Old Oak Common - a big hole in London's infrastructure
Hats off to Terry Farrell for challenging some of the perceived truths about travel and communications and for questioning Foster's Thames island airport proposal.
In an article in Planning in London he argues that big ideas, like the new airport, are expensive and take a long while to come on-stream, while smaller projects can solve the problem in the short term, without compromising the big idea. He calls it incremental planning and I'm sure he's got a point.
He's also to be applauded for putting forward a very neat solution for increasing access to Heathrow by linking the check-ins to a new High Speed 1 and 2 interchange at Old Oak Common. When I was doing a masterplan for Swindon more than ten years ago we were told that there would soon be check-ins at Hayes to link Heathrow directly to the West Country Lines and to the Reading-Swindon Silicon Vale. That never happened. Though it was a condition of the construction of Terminal 5 to reduce car access to the airport I see no signs that this has worked.
But I think both Farrell and Foster are missing something in their future gazing. The premise of both schemes is that air travel will continue to grow. This assumption should be questioned.
I was advising the Gatwick Diamond Development team the other day. They almost fell off their chairs when I asked the question, "What if air travel decreases in the future?" But it's a question we should be asking.
Air travel is one of the most carbon extravagant things we can do. Just one trip to the USA every year will cancel out any benefit you gain from living in a state of the art eco-house (1). As carbon taxes kick-in then air travel will be hit more than most. As governments expand the high speed rail system around the UK and Europe, more and more people will (I hope) decide to go by train. That option just isn't here at the moment. It could well be that internal flights become prohibitively expensive. And I'm never convinced that a jerky flight between close locations isn't the mugs way of travelling anyway. Show me a comfy carriage and a view of the countryside any day and I'll show you a place where I can work, send emails and relax!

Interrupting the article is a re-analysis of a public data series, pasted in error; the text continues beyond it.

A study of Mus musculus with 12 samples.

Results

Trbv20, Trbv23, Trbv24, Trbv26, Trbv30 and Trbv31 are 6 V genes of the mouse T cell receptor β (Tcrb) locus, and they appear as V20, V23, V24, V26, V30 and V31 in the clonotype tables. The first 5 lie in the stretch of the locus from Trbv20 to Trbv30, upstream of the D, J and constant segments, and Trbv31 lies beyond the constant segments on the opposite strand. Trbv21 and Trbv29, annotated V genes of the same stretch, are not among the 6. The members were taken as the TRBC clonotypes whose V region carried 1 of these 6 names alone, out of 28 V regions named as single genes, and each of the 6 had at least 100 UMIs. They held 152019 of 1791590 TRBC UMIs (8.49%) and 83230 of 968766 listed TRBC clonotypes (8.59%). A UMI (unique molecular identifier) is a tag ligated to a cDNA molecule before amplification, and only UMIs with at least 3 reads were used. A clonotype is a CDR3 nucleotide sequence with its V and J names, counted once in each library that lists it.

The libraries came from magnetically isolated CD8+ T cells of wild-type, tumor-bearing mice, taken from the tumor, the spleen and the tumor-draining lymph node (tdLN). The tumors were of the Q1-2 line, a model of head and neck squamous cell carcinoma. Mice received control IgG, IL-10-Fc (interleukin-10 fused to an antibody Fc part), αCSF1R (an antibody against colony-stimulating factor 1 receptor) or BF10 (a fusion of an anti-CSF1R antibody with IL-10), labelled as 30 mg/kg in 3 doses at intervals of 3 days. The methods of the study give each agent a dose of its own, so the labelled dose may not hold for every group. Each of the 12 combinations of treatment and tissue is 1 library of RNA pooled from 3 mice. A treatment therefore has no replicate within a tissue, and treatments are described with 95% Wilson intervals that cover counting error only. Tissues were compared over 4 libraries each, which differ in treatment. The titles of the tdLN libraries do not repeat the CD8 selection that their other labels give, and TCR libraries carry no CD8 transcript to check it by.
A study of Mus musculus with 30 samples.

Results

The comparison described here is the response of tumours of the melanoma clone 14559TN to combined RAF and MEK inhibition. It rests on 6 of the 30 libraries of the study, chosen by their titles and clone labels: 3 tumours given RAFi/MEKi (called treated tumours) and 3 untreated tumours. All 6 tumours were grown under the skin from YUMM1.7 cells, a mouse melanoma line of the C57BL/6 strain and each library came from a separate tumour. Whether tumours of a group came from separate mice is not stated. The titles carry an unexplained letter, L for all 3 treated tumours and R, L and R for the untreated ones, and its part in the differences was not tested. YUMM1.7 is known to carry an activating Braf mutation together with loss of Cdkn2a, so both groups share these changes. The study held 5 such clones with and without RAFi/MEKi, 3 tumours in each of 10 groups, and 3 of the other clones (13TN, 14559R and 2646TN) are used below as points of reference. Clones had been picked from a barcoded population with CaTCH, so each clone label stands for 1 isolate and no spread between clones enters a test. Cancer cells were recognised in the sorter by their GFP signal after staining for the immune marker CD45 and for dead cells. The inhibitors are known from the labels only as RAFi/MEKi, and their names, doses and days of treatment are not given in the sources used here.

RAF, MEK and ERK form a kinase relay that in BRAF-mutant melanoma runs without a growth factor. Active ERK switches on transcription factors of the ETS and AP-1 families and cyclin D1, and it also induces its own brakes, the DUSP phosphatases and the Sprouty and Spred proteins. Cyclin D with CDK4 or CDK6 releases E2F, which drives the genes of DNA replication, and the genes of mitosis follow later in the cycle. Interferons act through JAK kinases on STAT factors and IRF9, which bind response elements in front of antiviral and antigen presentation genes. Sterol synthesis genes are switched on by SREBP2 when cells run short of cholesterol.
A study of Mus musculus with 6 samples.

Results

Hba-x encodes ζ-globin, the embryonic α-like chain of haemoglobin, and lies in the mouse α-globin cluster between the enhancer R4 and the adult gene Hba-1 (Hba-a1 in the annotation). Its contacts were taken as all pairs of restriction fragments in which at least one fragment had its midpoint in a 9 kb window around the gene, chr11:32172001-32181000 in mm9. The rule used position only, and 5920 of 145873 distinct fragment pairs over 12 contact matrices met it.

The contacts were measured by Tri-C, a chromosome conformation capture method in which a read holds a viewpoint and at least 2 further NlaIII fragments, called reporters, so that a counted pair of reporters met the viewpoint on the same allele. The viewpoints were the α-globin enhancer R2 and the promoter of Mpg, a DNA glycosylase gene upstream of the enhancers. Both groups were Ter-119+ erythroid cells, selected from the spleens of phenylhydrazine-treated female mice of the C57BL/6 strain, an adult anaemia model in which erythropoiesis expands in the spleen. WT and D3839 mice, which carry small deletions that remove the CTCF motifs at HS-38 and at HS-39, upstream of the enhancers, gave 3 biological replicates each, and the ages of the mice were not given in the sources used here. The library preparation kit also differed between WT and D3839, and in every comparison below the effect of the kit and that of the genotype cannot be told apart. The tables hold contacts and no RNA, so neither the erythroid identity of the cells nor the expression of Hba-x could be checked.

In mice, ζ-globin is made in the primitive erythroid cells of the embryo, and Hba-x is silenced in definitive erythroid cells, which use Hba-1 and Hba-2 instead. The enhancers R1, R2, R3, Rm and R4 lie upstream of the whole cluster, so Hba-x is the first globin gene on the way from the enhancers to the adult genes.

The assumptions are that everything will always get bigger. This is the sub-text of Terry Farrell's article. But I just don't think that an unfetteredincrease in air travel is either desireable or inevitable. If you work on policies to reduce air travel to the minimum and increase travel by other means (good old modal shift), then the projects that government needs to support would be quite different.
All that money could be spent on a series of smaller interventions, including the Old Oak Common interchange, and would mean spreading the benefitsto a wider public. Even though Mayor Boris Johnson supports the airport scheme, his opponent, Ken Livingstone does not. With mayoral elections coming up this spring, we may find that Farrells solutions will curry favour with a new administration.
The clincher for me is that it's easier to get twenty smaller schemes on the go than one big one. Given the history of developing airports in this country, anyone who puts all their regeneration eggs into an airport basket is in my view - just that - a basket case!
I think we can be pretty sure that world populations will continue to rise. The need for travel and communications will also rise, but whether that has to be linked to air travel is not definite. For starters lets try to encourage people not to take internal flights, but to travel by train instead.
1. BioRegional assessments of occupants in BedZed found that those who travelled by air cancelled out the benefits of the housing.